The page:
Duke University Library's new Russian-themed digital collection
Duke University Libraries recently announced the publication of a new digital collection called the "Russian Posters Collection, 1919-1989" . This collection consists of 75 Soviet propaganda posters, representing distinct eras in the history of Communist political advertising. It is divided into three main series:
* General Political Posters Series (29 items)
Original posters from the earliest days of Soviet power and I. V. Stalin's "Cultural Revolution" cover a range of issues related to religion, the status of women, economic and social changes, and political events. They emphasize the benefits of force-draft industrialization and agricultural collectivization, the achievements of the Soviet Union under communism, and the struggle against capitalism. This collection of posters from the 1920s and 1930s is rounded out by an additional nine items from the Facsimile Posters Series.
* Twenty-Second Communist Party Congress Posters Series (14 items)
Electioneering placards from the 22nd Congress of the Communist Party (1961) graphically illustrate N. S. Khrushchev's promise to catch up and overtake the capitalist countries by 1980. The visual presentation of statistical data demonstrates the strength of the country in industrial development, consumer goods, agricultural production, electrification, and the national welfare, and the collapse of the colonial system of imperialism and the problems facing capitalism.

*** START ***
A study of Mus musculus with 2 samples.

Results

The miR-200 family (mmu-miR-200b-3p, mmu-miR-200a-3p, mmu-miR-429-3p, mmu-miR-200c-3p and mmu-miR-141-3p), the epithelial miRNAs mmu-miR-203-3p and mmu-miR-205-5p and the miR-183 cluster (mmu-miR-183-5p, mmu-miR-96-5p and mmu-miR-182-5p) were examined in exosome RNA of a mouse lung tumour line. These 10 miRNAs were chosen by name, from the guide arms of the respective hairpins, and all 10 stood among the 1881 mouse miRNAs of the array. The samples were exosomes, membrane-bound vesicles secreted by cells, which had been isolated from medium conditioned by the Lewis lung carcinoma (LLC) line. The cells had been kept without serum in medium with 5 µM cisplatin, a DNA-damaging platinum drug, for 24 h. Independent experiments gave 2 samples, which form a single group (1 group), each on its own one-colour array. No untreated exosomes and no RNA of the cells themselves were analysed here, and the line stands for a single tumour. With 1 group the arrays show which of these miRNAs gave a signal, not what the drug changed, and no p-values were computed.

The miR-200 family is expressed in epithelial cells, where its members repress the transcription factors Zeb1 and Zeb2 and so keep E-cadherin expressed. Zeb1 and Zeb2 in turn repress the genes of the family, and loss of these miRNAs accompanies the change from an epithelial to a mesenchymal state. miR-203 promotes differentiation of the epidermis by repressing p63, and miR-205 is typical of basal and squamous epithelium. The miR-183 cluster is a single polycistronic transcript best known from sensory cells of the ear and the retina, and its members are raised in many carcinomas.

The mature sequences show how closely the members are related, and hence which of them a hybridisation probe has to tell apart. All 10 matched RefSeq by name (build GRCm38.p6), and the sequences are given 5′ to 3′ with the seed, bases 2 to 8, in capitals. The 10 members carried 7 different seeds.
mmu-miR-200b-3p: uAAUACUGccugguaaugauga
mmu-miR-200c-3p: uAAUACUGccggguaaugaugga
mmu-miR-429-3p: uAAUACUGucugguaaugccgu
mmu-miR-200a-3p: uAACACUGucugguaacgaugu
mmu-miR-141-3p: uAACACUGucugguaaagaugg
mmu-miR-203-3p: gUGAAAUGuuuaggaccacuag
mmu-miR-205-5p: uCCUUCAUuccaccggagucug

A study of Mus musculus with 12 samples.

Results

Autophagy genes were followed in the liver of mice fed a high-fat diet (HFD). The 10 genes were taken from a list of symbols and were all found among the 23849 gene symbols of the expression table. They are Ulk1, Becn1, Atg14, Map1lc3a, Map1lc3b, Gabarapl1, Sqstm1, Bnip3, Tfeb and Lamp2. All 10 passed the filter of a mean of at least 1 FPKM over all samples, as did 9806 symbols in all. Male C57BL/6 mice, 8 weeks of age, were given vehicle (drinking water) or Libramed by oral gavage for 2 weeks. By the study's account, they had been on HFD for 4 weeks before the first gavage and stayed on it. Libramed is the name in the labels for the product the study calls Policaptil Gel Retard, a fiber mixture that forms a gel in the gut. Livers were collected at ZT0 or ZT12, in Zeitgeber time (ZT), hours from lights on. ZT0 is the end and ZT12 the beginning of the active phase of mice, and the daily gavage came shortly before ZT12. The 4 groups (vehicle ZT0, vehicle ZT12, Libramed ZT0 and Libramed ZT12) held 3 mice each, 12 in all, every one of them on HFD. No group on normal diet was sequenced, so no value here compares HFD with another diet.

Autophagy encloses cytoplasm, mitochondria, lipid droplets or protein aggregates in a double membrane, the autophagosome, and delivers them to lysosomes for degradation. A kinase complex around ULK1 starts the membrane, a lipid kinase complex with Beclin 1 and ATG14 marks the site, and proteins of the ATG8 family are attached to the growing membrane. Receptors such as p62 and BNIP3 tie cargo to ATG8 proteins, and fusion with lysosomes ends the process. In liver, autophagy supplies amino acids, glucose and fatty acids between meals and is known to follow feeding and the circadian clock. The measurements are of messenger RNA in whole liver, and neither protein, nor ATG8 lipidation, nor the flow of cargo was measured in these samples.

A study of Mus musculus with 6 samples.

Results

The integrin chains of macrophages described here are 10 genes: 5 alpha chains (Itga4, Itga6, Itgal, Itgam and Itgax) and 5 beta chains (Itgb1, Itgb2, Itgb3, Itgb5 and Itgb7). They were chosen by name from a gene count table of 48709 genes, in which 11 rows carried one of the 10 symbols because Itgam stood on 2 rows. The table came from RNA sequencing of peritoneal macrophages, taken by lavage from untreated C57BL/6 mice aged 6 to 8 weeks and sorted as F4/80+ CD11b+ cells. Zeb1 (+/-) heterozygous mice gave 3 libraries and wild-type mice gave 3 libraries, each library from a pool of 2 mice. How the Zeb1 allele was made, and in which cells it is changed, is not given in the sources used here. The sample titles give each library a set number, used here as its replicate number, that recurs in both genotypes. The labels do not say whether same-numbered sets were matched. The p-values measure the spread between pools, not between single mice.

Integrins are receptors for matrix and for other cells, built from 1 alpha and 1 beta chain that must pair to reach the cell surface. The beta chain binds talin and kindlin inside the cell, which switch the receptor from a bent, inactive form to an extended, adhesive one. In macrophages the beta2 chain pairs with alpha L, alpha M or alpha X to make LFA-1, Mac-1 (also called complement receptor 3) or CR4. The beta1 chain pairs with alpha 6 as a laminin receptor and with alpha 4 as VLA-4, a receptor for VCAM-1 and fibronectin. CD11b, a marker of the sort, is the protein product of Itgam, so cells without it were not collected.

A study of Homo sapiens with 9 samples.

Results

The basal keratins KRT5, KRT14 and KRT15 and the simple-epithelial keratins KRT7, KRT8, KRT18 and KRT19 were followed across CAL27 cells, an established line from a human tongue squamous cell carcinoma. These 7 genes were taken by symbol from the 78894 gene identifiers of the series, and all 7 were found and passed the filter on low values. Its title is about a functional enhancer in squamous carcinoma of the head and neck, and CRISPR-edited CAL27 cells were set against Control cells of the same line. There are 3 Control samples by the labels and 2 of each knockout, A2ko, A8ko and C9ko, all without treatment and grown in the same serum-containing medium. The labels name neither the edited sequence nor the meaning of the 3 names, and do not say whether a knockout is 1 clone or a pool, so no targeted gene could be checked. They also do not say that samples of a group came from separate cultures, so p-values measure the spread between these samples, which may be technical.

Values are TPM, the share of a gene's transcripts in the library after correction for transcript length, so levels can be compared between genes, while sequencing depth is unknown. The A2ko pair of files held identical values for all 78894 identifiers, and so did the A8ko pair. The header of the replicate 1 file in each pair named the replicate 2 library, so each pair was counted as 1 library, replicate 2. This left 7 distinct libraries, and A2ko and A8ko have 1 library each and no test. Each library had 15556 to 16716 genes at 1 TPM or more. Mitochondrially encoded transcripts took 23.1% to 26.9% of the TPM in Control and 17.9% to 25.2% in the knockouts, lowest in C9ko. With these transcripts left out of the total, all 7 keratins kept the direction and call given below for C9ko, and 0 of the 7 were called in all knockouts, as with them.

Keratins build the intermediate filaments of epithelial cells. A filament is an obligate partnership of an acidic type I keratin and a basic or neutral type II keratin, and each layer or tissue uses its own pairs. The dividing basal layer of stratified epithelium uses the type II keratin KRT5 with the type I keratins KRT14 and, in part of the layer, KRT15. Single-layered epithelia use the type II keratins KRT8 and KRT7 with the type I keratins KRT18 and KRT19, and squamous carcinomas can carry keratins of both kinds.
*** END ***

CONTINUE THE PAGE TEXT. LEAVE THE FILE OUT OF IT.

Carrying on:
* Perestroika Era Posters Series (23 items)
An assemblage of posters from the 1980s contains poignant reminders of the promises and perils of the period of "restructuring" (perestroika) and "openness" (glasnost') under M. S. Gorbachev. Most of these posters were exhibited in Moscow in 1988, just three years before the break-up of the Soviet Union. Ten reproductions are in their own exhibit folder. One poster from an anti-alcoholism campaign unrelated to the exhibit but from the same period closes the series.
Enhancements to Duke’s "Russian Posters" site continue to be made and users are encouraged to submit their comments and suggestions to the Librarian for Slavic and East European Studies at firstname.lastname@example.org or 919-660-5847.